Carb Restriction And High Fat


I've spoken about dietary fat as being the most interesting of the three macronutrients, and that's saying something given the role that dietary carbs plays in diabetes, but we tend to focus our attention almost exclusively on glucotoxicity even though we know that in diabetes, lipotoxicity, poisoning by too much fat, is an even bigger deal.

So some people might read this and then say, aha, I told you that fat in the diet is bad for you, better listen to us and go low fat and high carb.  Well if you are worried about fat, as you definitely should be, that's the absolute worst thing you could do.

The problem is that excess carbs get turned to fat in the liver, through a process known as de novo lipogenesis, basically turning carbs into fat, and as it turns out, this is by far the most unhealthy fat you could ever have.  It's no secret that eating too many carbs makes you fat, and cutting back makes you less fat, and this should tell you something right there.

Dietary fat is actually more transitory, the fat from the liver is made specifically for storage, not for immediate energy, while fat in the diet can be used for immediate energy, although this is where it gets a little complicated.

High levels of insulin is what drives fat storage, and high levels of insulin is also what causes too much fat to be stored from carbs, along with too much of the raw material, carbs.  Now as type 2 diabetics we tend to have way too much insulin, just because our blood sugar is high doesn't mean that this is not the case by the way, our cells may be insulin resistant and require these higher levels but insulin does a lot more than just regulate blood sugar, storing fat is actually its primary function.

People who are on very low carb diets tend to get most of their energy from fat though, and therefore can tolerate pretty much any amount of fat and tolerate it very well, as they have switched over their energy metabolisms to a large degree to burn fat for energy instead of glucose.

In order to pull this off though, a few things need to happen.  People tend to only focus on one of them and with non diabetics there really is only one element here, and that's carb restriction, although you can further this process by also restricting protein as well, although it's not necessary, but to be in full nutritional ketosis it is to some degree.

The other things that need to happen here, which happen with non diabetics but don't always happen with diabetics, is that insulin levels need to be driven down, as well as blood sugar levels.  So if your insulin levels and your blood sugar levels are not both on the lower side, and we're actually taking a bit below normal here, this isn't going to work so well.

High insulin levels by the way not only increase fat storage, they inhibit fat burning, and when you're looking to burn fat for energy, well that's going to be a problem of course.

If both your insulin levels and your blood sugar levels are high though, this isn't going to work so well at all.  There's no way you are going to use fat primarily for energy with high blood sugar, the body will always use glucose first if it is available and the only way to force it to use fat instead primarily is to deprive it of glucose, and when you have high blood sugar well that's as far from depriving your body of glucose as you can get.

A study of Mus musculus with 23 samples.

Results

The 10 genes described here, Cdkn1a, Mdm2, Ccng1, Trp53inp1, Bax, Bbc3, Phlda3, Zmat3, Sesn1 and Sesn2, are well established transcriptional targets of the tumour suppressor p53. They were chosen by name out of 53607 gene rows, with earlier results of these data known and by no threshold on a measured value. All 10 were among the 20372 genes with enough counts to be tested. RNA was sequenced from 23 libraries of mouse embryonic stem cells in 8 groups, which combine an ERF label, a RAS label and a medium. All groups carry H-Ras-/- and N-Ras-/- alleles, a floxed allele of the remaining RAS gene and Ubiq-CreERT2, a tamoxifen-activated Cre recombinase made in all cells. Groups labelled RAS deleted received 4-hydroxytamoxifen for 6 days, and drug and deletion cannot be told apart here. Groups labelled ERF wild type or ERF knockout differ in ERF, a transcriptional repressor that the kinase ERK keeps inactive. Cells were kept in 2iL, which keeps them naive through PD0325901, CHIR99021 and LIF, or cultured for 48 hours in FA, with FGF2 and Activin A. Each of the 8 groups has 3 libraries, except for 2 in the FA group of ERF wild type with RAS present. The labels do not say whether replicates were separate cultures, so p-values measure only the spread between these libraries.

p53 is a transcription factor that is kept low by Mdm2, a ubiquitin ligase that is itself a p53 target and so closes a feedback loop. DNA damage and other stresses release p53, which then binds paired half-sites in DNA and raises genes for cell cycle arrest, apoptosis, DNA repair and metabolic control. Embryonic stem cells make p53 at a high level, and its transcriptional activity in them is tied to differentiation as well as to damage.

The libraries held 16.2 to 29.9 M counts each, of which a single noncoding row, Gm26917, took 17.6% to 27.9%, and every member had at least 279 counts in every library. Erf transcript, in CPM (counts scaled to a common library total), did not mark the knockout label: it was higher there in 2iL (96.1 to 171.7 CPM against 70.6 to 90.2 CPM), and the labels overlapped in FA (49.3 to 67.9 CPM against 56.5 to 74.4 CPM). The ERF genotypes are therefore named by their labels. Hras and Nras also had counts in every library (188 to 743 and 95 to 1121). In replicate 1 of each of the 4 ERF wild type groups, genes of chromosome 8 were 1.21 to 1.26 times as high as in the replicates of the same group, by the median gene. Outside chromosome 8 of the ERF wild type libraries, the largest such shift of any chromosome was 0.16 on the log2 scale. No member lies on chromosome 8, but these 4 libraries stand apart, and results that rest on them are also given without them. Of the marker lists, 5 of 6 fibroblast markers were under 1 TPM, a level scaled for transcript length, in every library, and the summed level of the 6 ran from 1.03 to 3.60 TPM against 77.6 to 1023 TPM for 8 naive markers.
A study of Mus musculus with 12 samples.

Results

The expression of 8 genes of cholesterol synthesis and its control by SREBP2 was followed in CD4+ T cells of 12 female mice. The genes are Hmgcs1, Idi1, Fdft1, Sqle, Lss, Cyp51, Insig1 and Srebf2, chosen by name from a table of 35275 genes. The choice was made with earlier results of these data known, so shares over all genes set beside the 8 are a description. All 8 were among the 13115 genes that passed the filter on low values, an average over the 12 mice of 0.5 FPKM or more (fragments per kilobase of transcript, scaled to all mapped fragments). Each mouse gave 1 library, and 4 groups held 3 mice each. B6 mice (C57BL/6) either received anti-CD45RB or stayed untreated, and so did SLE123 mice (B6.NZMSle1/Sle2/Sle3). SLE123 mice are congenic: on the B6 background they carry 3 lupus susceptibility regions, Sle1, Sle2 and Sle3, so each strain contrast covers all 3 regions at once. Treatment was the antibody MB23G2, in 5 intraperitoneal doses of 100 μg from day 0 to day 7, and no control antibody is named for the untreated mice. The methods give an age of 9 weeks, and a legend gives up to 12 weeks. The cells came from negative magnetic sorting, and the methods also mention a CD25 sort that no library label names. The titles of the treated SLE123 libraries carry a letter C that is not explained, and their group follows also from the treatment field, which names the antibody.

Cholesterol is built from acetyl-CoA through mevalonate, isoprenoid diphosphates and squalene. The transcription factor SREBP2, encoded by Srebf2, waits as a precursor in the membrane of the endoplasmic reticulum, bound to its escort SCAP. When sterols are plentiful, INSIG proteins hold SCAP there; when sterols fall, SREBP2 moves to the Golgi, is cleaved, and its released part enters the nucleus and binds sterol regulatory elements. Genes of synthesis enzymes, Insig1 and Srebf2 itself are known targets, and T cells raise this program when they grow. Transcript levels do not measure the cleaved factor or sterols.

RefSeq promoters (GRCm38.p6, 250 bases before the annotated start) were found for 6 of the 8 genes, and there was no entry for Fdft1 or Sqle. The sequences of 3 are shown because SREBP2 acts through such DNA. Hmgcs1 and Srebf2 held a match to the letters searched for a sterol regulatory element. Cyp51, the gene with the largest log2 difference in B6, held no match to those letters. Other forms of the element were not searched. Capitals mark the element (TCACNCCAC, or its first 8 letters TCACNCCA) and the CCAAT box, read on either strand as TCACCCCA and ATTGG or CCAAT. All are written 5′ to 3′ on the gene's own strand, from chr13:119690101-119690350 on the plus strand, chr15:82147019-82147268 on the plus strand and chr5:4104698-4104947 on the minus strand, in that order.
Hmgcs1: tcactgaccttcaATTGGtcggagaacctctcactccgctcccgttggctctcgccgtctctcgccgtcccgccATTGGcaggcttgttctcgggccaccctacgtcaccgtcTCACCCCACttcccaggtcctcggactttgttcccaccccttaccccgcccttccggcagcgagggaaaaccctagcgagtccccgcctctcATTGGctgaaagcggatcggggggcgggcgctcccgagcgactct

Higher insulin levels also tend to mess this up as well and low carb is supposed to reduce them below normal but with a lot of glucose being dumped from your liver, both blood sugar and insulin will be elevated here.

So what happens when you go high fat under these conditions?  Well hardly anyone talks about this and some people will even look at you as a freak if you have high blood sugar on low carb, it's not supposed to be high, maybe you should hang with this longer, I hung with it for a lot longer than I should have though and my blood sugar remained very high the whole time.

A high fat diet will obviously increase the amount of fat in your blood, and in particular increase free fatty acids, which are severely implicated in insulin resistance, and you're not really using this for energy as the keto people do, so you do have to exercise at least some restraint here.

This isn't unlike the effect of high carb and high fat being worse for your diabetes than high carb low fat, and although in this case you may actually be eating a low carb diet, it's as if you are eating a high carb diet as far as your blood sugar is concerned, you're just getting the high carb from your liver instead of from digestion.

Now this doesn't mean you want to go low fat either, but it's not necessarily just a fat free for all for all of us where we can just eat all the fat we want and the more the better.

As it turns out, we instead may need to pay attention to our intakes of both, and some of us may do better actually increasing carbs and protein a bit and cutting fat a bit, in a way that we are choosing between evils, and both of these macros can influence diabetes a lot in excess, and it's therefore a matter of finding the right balance.

I eat a fairly high fat diet simply because I'm limited to how many carbs I can eat without messing up my blood sugar too much, but it gets worse when I replace some of the carbs I eat with fat instead, and it also gets worse when I replace some of the fat I eat with carbs, so it's a matter of finding the right balance here for you and we certainly don't want to just ignore fat intake.